Published August 10, 2010
The USA Federal Trade Commission (FTC) has shut down a Canadian company that posed as various domain name registrars in order to fleece U.S. consumers and businesses for non-existent services.
The fake invoices issued by the company were designed to look as though they came from the targets' existing domain name registrar. The documents directed the recipients to pay for an annual listing and search engine optimization services. The FTC found the "invoices" in some cases led people to believe that non-payment would lead to a lapse in registration of their domain name.
The FTC states that most consumers who paid the bogus invoices did not receive any domain name registration services and the search engine optimization service did not result in increased traffic.
A federal district court judge in Chicago ordered a halt to the operations of the firm and froze the defendants' assets, pending trial. The settlement order includes a suspended judgment of over USD$ 4 million, based on the level of injury caused to consumers by the company's activities. However, based on the inability of the settling defendants to pay, they will turn over $10,000 to satisfy the judgment.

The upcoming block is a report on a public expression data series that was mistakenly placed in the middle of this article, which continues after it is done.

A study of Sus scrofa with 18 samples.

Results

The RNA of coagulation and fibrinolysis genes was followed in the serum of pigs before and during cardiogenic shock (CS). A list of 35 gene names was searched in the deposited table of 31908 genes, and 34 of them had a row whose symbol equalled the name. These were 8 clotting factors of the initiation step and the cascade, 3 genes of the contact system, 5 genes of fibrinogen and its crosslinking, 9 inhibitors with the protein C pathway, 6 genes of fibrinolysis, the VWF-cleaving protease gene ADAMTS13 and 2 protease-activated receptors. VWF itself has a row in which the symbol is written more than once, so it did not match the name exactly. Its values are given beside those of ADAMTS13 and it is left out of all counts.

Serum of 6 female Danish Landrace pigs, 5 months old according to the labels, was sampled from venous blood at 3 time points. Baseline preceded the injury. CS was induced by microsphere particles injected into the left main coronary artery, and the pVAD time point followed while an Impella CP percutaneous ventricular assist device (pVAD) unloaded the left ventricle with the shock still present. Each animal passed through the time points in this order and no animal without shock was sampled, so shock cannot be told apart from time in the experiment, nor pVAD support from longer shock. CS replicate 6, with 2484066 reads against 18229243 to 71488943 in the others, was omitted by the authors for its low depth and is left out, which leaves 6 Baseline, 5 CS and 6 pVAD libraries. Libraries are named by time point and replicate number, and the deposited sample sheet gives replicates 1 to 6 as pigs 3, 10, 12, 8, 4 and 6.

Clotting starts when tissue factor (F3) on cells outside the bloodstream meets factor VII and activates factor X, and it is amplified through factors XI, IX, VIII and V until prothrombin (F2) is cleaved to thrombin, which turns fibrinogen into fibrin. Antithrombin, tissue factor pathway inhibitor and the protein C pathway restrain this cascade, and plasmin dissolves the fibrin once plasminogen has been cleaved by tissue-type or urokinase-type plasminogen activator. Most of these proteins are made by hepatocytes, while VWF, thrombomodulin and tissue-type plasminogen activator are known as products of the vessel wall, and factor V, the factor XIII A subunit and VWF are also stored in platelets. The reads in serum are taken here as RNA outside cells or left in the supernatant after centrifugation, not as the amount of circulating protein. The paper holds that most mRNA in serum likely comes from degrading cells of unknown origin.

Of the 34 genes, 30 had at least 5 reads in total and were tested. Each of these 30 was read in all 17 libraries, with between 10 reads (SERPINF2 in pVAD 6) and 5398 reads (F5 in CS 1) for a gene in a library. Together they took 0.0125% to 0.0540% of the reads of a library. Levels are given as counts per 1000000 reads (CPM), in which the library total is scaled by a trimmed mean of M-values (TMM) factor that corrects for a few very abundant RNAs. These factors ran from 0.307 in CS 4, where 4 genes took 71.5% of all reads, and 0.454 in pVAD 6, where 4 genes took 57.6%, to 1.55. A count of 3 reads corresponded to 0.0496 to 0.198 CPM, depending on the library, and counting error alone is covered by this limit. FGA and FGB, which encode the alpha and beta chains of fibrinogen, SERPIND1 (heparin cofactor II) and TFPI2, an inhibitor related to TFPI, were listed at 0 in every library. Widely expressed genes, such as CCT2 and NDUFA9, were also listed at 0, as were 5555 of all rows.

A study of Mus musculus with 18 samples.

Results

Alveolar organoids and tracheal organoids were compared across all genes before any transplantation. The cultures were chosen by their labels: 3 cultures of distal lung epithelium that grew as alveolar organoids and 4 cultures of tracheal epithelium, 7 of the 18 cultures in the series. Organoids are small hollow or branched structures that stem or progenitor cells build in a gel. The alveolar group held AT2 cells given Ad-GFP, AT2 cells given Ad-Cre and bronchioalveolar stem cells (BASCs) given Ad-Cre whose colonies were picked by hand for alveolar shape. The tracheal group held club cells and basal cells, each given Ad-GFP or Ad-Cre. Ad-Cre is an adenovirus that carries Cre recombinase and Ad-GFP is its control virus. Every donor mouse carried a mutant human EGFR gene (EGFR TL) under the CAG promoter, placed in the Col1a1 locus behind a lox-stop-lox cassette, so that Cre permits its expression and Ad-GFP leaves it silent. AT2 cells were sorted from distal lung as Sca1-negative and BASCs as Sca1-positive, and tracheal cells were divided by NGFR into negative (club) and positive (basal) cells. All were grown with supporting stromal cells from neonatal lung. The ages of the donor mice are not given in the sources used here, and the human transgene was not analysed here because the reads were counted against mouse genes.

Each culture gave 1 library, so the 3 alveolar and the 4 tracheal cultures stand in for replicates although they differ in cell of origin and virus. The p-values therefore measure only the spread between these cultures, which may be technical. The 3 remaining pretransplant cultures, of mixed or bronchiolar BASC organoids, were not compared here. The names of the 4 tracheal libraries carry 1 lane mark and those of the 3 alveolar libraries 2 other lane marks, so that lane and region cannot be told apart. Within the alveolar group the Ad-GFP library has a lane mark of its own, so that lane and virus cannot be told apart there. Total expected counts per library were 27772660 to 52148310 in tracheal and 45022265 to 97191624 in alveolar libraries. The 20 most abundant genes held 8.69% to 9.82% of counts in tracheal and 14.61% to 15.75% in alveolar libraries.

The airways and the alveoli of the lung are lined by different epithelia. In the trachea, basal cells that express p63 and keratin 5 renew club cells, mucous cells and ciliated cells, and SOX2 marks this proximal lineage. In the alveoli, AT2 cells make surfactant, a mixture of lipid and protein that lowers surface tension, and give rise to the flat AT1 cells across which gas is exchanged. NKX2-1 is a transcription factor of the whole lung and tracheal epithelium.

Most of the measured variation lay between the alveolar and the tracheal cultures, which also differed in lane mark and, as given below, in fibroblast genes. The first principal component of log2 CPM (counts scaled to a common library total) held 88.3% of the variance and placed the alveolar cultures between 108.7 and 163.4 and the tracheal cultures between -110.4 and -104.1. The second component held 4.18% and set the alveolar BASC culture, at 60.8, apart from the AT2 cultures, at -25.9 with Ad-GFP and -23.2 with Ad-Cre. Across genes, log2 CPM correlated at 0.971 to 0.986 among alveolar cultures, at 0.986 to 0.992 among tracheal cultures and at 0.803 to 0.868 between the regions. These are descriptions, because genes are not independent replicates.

Domain name registration scams are unfortunately quite frequent. The most common scam is whereby a domain name registrant is sent an invoice for renewal of a domain name by a party other than their own registrar. The "renewal" is instead a transfer to the new company - and usually costing the consumer far more than under their original registrar. Registrants should always check the authenticity of any documents they receive in relation to their domain names.